The most important holiday of the year, culturally and commercially speaking, is almost upon us. Months in anticipation, people from countries of the “so called” Western Civilization — Europe and its former colonies — start decorating their homes, businesses, streets, and well almost everything, with a wide range of Christmas related ornaments, spending huge amounts of money not just on gifts and food products but in the decorations themselves.
As a tradition that has been celebrated for centuries on every country that European settlers have colonised, and more recently on others as well, the wide range of icons and stories behind this cultural event are, to say the least, countless. Sure, the main idea is the birth of Jesus Christ, but there are many more layers of tradition to the ‘Christmas’ cultural phenomenon. That being said, we want to share with you some of some of its most significant symbols from around the world.
The symbolic meaning of Christmas trees originates in Pagan societies where the evergreen represents life, rebirth, and stamina needed to endure the winter months. It was believed back then that evil spirits were at their strongest during these months. To thwart the nasties, evergreens were brought into the home as symbols of protection. These evergreens were alight with candles, supposedly to “light up” the darkest, coldest conditions and thereby scare away naughty spirits.
It wasn’t until about the 18th century that Christianity absorved the bright, joyful symbolism of the Christmas tree mixing it with the concept of the Tree of Life, the representation of the immaculate state of humanity free from corruption and Original Sin before the Fall. Early Christians added candles and apples to their Christmas trees. These candles represented the light of Christ. The apples symbolized knowledge which spawned man’s original sin, according to Christian belief.
Santa Claus, also known as Saint Nicholas, or Father Christmas, is a legendary figure said to bring gifts to the homes of good children during the late evening and overnight hours of Christmas Eve, December 24.
Saint Nicholas of Myra seems to be the primary inspiration for this character. He was a 4th century Greek Christian bishop of Myra in Turkey. Nicholas was famous for his generous gifts to the poor. Pre-modern representations of the gift-giver from church history and folklore, notably St. Nicholas and Sinterklaas, merged with the British character Father Christmas to create the character known to everyone as Santa Claus.
Candle in the Window
Ireland, like most countries, has a number of Christmas traditions that are all of its own having their roots in the time when Gaelic culture and religion of the country were being suppressed, yet some of them still exist today.
The placing of a lit candle on the window of a house on Christmas eve is still practiced today. It has a number of purposes but primarily it was a welcoming gesture to welcome Mary and Joseph as they travelled looking for shelter. The candle also indicated a safe place for priests to perform mass since during Penal Times (15th-16th Century) this was not allowed on the island.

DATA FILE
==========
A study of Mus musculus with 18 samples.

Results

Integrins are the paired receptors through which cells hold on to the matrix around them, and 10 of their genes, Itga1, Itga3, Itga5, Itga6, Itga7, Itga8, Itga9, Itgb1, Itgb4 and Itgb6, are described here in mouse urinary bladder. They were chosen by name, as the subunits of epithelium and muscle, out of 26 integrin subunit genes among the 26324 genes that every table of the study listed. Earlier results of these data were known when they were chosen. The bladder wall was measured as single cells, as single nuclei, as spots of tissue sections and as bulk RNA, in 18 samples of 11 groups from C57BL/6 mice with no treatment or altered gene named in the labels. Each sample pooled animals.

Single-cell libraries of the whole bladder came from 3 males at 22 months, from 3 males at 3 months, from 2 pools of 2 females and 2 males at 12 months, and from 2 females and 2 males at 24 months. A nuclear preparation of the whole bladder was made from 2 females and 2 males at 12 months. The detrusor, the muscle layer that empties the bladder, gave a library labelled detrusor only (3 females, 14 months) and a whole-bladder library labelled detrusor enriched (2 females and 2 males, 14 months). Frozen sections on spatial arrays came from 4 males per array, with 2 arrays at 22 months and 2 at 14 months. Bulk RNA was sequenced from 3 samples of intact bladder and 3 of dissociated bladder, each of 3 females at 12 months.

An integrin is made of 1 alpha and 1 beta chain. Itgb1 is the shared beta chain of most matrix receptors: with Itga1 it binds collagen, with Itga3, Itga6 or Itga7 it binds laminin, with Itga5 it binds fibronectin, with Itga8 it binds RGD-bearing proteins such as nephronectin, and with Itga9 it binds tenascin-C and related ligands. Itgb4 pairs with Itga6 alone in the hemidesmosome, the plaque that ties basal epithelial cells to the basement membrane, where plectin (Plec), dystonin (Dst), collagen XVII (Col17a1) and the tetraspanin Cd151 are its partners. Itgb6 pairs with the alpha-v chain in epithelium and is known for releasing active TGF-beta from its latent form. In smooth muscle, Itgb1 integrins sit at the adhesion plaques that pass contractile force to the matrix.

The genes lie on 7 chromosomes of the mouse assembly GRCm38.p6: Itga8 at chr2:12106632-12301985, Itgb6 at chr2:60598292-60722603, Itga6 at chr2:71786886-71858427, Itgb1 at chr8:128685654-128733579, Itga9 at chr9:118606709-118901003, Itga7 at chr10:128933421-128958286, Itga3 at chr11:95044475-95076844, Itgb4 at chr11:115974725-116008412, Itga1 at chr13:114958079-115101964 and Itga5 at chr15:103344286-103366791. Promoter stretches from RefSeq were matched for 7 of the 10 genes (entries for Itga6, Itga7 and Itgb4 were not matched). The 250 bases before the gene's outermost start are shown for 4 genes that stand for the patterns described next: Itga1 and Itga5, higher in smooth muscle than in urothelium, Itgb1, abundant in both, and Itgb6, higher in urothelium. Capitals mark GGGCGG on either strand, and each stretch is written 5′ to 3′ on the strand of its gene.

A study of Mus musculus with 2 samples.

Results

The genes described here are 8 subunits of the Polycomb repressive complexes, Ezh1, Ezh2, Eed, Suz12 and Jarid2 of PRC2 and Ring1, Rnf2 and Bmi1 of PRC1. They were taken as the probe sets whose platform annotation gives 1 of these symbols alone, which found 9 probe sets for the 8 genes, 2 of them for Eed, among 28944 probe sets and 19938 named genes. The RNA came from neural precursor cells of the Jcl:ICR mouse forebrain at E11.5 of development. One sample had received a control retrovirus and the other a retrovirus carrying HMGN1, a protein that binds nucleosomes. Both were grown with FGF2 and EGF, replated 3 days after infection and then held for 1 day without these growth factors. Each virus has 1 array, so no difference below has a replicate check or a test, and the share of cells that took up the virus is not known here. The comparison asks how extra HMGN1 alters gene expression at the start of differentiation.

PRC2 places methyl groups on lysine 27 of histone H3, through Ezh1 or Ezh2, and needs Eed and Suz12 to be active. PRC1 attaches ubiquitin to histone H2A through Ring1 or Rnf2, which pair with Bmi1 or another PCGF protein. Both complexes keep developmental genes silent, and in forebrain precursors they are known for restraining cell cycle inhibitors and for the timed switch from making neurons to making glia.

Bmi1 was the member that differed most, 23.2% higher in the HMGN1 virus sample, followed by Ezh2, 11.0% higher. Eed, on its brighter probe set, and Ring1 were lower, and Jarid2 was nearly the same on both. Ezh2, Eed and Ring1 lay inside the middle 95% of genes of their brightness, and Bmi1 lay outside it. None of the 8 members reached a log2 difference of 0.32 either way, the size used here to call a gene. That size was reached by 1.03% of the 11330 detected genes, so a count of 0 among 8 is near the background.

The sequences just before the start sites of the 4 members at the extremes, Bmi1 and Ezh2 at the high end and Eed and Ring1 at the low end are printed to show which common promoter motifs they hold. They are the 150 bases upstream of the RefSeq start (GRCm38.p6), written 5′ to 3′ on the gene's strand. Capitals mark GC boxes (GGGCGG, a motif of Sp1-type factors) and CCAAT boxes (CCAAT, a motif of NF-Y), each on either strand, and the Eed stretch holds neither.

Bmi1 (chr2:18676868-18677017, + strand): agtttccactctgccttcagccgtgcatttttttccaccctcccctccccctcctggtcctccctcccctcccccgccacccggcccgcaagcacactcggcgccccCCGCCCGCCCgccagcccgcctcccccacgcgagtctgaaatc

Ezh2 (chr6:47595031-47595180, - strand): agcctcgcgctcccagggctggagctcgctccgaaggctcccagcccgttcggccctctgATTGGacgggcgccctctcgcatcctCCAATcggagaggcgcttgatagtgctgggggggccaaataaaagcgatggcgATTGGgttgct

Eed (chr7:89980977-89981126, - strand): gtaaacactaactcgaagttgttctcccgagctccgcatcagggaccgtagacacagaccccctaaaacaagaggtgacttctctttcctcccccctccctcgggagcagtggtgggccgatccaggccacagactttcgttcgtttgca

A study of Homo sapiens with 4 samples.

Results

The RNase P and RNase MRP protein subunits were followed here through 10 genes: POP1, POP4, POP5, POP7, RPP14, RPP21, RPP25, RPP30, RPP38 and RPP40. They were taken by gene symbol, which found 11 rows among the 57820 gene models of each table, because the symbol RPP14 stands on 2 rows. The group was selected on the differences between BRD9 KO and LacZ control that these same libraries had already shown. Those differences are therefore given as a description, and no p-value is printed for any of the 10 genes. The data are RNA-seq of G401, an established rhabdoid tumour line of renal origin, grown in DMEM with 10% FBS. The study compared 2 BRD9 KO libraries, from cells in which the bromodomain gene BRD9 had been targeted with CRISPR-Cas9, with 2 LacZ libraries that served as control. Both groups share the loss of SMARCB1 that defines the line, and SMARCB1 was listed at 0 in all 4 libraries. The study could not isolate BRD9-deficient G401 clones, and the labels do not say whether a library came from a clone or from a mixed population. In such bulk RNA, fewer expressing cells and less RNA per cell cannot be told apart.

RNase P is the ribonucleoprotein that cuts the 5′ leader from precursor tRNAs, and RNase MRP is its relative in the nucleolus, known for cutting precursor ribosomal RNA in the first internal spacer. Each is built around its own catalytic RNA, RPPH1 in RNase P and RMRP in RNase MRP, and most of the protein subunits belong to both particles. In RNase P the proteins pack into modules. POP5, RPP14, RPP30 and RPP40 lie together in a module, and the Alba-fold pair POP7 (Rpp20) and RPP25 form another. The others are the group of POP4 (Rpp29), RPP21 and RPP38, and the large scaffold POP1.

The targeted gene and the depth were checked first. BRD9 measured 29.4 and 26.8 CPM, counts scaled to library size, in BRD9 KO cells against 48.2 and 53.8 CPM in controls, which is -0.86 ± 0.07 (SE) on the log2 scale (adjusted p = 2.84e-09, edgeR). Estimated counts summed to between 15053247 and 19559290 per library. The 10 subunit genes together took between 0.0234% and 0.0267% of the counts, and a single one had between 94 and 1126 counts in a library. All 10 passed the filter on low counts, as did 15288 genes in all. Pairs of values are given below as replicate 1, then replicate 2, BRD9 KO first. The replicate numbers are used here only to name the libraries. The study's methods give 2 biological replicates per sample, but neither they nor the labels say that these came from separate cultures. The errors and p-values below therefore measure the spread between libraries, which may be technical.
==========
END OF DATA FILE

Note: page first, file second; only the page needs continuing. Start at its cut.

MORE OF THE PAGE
Another peculiar element of the tradition is that the candle should be lit by the youngest member of each household and only be extinguished by a girl bearing the name ‘Mary.’
The first known use comes from the Druids living in Britain around 100 A.D. These Druids thought that Mistletoe could perform miracles like cure diseases and protect people from witches. They even thought it could help people and animals have more babies. The Druids had a special ceremony that would happen in late December or early January where they would cut mistletoe out of oak trees and then give the mistletoe to people to hang in their houses so that it would ward off evil spirits. This probably explains why mistletoe became connected to Christmas, the time of year is the same.
The current tradition of kissing your sweetheart under the mistletoe might have come from a Viking legend. Around 800 A.D., Vikings had a lot of myths about their gods. One of their gods, Balder, was killed with a poison made from mistletoe. His mother, Frigga, was able to bring him back to life after three days by reversing the effects of the poison. Once she did that, she kissed everyone who walked under mistletoe because she was so happy to get her son back.
This popular Mexican item consists of a clay pot covered in colourful papers and other elements to shape into many different forms. People take turns beating it with a stick until it breaks and candy and other assorted products like peanuts and fruits come out for everyone’s pickings off the ground.
Around the Christmas season, people break seven-point star-shaped piñatas. There is a theory establishing that each point represents one of the seven deadly capital sins, so this way Mexicans get rid of lust, gluttony, greed, sloth, wrath, envy, and pride before the birthday of Jesus. However many people still believe it represents the star of Bethlehem.
Christmas is so rich in symbol and myth that a full encyclopedia could be written about it. Do you have one in particular myth or symbol that is special to you? Be sure to share with us!
Remember that what’s really important about Christmas, even more than its symbols, is taking time during the year to celebrate with the people you care most about, and be sure to let them know that!
So, from everyone at the Graphic Mint, we have one thing left to say: ‘Nollaig Shona Duit!